Cleft lip and palate

Cleft lip and palate are basically birth defects, this defect is the result of incomplete development during gestation. With this condition, there is a fissure or a gap on the upper lip or the palate. It is estimated that 1 in 700 children in the world suffer from this condition and hence, it is supposed to be among the most common birth defects. Cleft lip and palate not only change the appearance of the face of an individual, but it also creates difficulties in speaking. There is the need of the Oral Health Care Specialist that may provide the good dental care.

In cleft lip and palate, the lips do not entirely meet together during the initial 3 months of the development of the baby. The cleft lip is typically a small gap or fissure on the upper lip, sometimes it extends to the nose or the gums. A child can have the problem of a cleft lip or a cleft palate or both. When the cleft is on one side of the mouth, it is called a unilateral cleft, and if it is on both sides of the mouth, it is then called bilateral cleft.

It is been observed that a cleft lip is more common among boys, while a cleft palate is common among girls. The precise reason for cleft lip or palate is still unidentified, however, it is believed by experts that certain environmental and genetic factors are the cause. So a proper Dentist Advice About Oral Health Care is must!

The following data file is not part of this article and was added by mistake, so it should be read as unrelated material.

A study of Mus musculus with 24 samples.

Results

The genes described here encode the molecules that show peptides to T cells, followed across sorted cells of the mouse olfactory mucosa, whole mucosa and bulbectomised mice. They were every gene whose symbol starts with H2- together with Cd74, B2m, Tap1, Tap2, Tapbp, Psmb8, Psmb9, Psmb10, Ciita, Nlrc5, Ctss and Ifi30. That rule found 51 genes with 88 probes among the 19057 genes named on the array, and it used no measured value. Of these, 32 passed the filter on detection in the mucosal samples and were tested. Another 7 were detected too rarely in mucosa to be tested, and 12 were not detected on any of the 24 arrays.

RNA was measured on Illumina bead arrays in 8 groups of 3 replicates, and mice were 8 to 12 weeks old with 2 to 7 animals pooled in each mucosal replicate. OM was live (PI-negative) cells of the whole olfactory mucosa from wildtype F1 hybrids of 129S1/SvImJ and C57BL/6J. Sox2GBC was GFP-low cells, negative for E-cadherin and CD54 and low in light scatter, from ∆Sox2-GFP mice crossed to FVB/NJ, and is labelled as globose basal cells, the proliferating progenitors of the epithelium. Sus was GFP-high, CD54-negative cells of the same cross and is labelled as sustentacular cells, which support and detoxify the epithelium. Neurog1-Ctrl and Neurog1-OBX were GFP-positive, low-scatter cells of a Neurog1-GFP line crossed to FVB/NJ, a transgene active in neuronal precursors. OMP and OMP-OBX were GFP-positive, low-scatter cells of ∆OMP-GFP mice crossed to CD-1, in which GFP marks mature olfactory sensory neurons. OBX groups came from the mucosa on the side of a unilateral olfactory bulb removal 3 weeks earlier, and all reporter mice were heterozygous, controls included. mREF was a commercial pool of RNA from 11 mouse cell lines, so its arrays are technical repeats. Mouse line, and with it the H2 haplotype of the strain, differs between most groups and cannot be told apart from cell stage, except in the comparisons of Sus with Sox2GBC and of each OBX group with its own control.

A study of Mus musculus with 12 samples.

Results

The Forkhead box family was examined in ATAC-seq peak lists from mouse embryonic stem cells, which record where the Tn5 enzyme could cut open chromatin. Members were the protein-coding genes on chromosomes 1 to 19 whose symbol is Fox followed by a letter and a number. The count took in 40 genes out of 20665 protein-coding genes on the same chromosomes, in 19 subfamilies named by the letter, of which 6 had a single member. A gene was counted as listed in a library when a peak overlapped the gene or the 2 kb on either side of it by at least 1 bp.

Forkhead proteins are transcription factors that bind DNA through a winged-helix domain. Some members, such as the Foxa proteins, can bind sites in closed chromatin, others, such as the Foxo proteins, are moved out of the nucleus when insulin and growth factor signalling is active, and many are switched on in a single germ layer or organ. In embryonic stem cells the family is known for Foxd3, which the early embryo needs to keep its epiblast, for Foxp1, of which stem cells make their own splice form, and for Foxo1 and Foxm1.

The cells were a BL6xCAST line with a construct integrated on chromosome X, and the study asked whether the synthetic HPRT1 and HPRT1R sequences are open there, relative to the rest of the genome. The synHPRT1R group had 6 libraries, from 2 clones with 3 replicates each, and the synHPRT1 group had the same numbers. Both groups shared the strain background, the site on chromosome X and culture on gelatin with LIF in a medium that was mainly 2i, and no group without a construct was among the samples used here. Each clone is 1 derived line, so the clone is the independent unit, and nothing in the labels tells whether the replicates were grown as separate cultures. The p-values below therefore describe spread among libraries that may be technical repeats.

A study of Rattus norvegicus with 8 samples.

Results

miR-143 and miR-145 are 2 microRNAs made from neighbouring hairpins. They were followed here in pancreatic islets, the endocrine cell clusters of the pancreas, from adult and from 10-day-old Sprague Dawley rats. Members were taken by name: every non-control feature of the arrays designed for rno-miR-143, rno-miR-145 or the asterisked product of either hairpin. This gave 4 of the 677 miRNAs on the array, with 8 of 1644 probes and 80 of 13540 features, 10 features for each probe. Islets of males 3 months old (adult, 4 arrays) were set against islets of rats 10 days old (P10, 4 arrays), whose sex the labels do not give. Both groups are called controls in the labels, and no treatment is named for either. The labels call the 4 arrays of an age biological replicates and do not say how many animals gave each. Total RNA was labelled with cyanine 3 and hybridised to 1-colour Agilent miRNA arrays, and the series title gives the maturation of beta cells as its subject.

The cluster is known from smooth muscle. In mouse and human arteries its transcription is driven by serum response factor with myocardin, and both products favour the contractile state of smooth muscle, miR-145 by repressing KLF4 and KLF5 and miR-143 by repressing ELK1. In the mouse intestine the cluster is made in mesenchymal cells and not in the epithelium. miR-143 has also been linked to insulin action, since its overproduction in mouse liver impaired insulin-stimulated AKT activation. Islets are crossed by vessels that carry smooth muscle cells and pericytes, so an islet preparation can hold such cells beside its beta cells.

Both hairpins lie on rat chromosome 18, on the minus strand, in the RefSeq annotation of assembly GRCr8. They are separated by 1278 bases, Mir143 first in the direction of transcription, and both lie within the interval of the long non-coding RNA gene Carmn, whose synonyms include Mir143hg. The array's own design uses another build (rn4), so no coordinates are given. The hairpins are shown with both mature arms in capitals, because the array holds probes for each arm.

Cleft lip and palate can be treated successfully with surgery. With the surgery, individuals who have cleft lip or palate can be restored to a normal look as well as speech. Depending upon the severity of the case, one or two surgeries may be required. The first surgery for the cleft lip can be performed when the baby is 3 months old.

The repair of cleft palate is rather more sophisticated. This treatment requires numerous surgeries to be performed over approximately 18 years along with the Oral Health Tips for Proper Dental Care. The first such surgery can be performed when the baby is 6 – 12 months old. In this surgery, basically a functional palate is created to ensure that the teeth and the facial bones develop as they should. Depending upon the condition, bone grafting might also be required.